Having a pool in your backyard can offer endless entertainment and relaxation. However, maintaining it can sometimes be a challenge, especially if you’re dealing with unwanted leaks. We know firsthand because we had a leak in one of our previous pools. If you’ve noticed a drop in your pool’s water level or are suspecting a leak, you’re likely asking yourself, “How do I find a leak in a pool?” Look no further, as we delve into a step-by-step guide on identifying and addressing pool leaks.
1. Confirming the Leak: The Bucket Test
Before launching a full-scale investigation, make sure that you’re indeed dealing with a leak. Pools can lose water due to natural evaporation or activities like splashing.
- Fill a bucket three-quarters full of water and place it on a pool step.
- Mark the water level inside the bucket and the pool’s water level outside the bucket.
- Wait 24 hours. If the pool’s water level decreases more than the bucket’s, you’re likely dealing with a leak.
2. Inspect Your Pool Equipment
Leaks often originate from the pool equipment. Regularly check the pump, filter, heater, and pipe valves. Moist spots or areas with excessive water can hint at a leak.
3. Examine the Pool’s Shell
Concrete or Gunite Pools:
Cracks can develop in concrete pools. To detect them:
- Turn off the pool’s circulation.
- Allow the water to settle.
- Slowly squeeze food coloring near suspected leak areas.
- Watch if the dye is drawn out – this can pinpoint the leak location.
Tears or punctures can occur in vinyl liners. The food coloring trick works here too. Also, pay extra attention to areas where the liner attaches to steps or other features.
Fiberglass pools are durable, but over time they can develop hairline cracks or blisters known as “osmotic bubbles.” Examine the pool’s surface for any irregularities. If you find any, especially around fittings or steps, you might be onto a leak source.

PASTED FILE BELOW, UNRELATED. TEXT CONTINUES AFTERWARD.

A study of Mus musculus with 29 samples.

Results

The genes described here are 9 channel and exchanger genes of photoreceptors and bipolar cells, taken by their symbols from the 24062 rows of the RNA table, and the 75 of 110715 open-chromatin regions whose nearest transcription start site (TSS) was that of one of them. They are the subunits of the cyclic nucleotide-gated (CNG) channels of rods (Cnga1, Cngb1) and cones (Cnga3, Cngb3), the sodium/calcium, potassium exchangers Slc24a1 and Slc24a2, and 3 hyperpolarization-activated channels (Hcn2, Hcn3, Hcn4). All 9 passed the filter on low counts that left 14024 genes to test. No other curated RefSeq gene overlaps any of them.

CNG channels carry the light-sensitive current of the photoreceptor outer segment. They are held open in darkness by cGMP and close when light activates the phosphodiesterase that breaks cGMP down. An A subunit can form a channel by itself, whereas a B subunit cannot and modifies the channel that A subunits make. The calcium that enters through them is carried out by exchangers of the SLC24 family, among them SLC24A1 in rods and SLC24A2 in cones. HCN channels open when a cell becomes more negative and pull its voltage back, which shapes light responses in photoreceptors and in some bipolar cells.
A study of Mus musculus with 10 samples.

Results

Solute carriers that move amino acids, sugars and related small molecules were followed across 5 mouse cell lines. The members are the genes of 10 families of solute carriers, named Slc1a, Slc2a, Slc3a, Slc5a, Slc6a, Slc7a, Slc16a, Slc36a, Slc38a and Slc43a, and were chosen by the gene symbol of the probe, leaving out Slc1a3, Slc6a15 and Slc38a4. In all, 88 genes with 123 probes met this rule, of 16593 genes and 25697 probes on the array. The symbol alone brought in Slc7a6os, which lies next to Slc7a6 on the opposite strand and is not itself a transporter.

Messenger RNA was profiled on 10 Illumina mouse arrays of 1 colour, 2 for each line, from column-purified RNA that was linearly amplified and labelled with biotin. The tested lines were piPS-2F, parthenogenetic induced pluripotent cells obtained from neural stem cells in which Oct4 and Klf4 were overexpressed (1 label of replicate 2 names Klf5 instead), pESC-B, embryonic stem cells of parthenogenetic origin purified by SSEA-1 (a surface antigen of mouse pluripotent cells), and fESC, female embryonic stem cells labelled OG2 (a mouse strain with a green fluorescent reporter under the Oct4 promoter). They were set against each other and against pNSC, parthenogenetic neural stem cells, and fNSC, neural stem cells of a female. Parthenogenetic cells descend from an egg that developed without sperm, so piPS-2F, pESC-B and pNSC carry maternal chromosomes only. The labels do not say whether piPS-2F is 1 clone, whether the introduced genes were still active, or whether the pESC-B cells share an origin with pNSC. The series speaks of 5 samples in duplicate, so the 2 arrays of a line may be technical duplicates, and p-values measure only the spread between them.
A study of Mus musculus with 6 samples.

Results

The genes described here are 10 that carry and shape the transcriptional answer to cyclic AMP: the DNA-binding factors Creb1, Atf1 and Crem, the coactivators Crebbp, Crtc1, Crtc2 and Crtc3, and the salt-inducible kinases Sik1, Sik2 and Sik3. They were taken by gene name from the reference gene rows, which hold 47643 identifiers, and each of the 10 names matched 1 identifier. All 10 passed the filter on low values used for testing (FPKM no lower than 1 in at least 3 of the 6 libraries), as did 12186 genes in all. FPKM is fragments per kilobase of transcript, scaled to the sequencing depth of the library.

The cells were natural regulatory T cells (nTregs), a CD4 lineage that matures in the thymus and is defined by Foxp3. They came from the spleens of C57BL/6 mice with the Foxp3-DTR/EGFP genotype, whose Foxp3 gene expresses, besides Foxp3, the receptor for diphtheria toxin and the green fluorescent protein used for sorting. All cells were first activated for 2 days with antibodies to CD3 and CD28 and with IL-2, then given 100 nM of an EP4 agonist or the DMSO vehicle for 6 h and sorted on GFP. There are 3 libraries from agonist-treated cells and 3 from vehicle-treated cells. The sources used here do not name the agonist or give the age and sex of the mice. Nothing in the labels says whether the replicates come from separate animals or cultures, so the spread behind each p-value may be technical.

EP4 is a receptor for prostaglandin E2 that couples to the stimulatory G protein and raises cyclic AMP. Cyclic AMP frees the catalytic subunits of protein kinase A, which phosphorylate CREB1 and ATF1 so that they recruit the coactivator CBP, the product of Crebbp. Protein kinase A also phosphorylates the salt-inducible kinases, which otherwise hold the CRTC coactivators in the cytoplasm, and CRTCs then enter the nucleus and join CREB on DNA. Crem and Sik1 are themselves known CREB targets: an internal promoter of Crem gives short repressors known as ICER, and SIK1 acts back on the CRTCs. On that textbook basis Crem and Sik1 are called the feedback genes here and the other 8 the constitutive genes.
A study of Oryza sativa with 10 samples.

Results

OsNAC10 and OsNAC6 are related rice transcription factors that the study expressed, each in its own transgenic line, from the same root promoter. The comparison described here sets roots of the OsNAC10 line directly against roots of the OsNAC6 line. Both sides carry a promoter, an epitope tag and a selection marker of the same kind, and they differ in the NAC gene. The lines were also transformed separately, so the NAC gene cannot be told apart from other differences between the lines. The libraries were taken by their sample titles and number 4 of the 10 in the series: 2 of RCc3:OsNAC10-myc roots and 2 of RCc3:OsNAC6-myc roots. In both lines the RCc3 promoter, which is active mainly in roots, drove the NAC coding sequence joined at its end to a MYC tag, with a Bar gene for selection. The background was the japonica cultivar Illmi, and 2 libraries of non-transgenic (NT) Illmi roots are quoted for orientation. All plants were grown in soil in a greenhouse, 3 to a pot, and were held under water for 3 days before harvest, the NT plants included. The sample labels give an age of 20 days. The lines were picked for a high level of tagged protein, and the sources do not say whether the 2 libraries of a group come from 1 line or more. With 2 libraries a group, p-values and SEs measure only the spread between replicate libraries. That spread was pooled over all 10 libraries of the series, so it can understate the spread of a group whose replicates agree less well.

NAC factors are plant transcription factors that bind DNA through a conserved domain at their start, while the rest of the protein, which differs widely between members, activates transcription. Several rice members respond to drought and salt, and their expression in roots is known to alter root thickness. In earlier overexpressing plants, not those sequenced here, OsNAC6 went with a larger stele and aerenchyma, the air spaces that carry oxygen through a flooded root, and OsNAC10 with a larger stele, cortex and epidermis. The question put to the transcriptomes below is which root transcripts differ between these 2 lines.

4. The Surrounding Landscape Speaks
Often, the land around your pool can reveal a lot. Patches of grass that are greener than others or areas that are consistently wet might indicate a leak. Tracking these wet pathways can lead you to the leak’s origin.
5. Light and Returns
The places where lighting fixtures or return jets are installed can be susceptible to leaks. Inspect the seals and fittings in these areas.
6. Skimmer and Main Drain
Leaks can also form around the skimmer and main drain. For this, a visual check for cracks or separations can help, along with the dye test for more precise detection.
7. Dive into Professional Tools
If your own investigations prove fruitless, consider tools like underwater listening devices, pressure testing kits, and professional dye tests. These are often more precise but might require expertise to use effectively.
8. When in Doubt, Call the Experts
Sometimes, the best approach is to call in the cavalry. Pool maintenance professionals have years of experience and specialized equipment to detect even the most challenging leaks.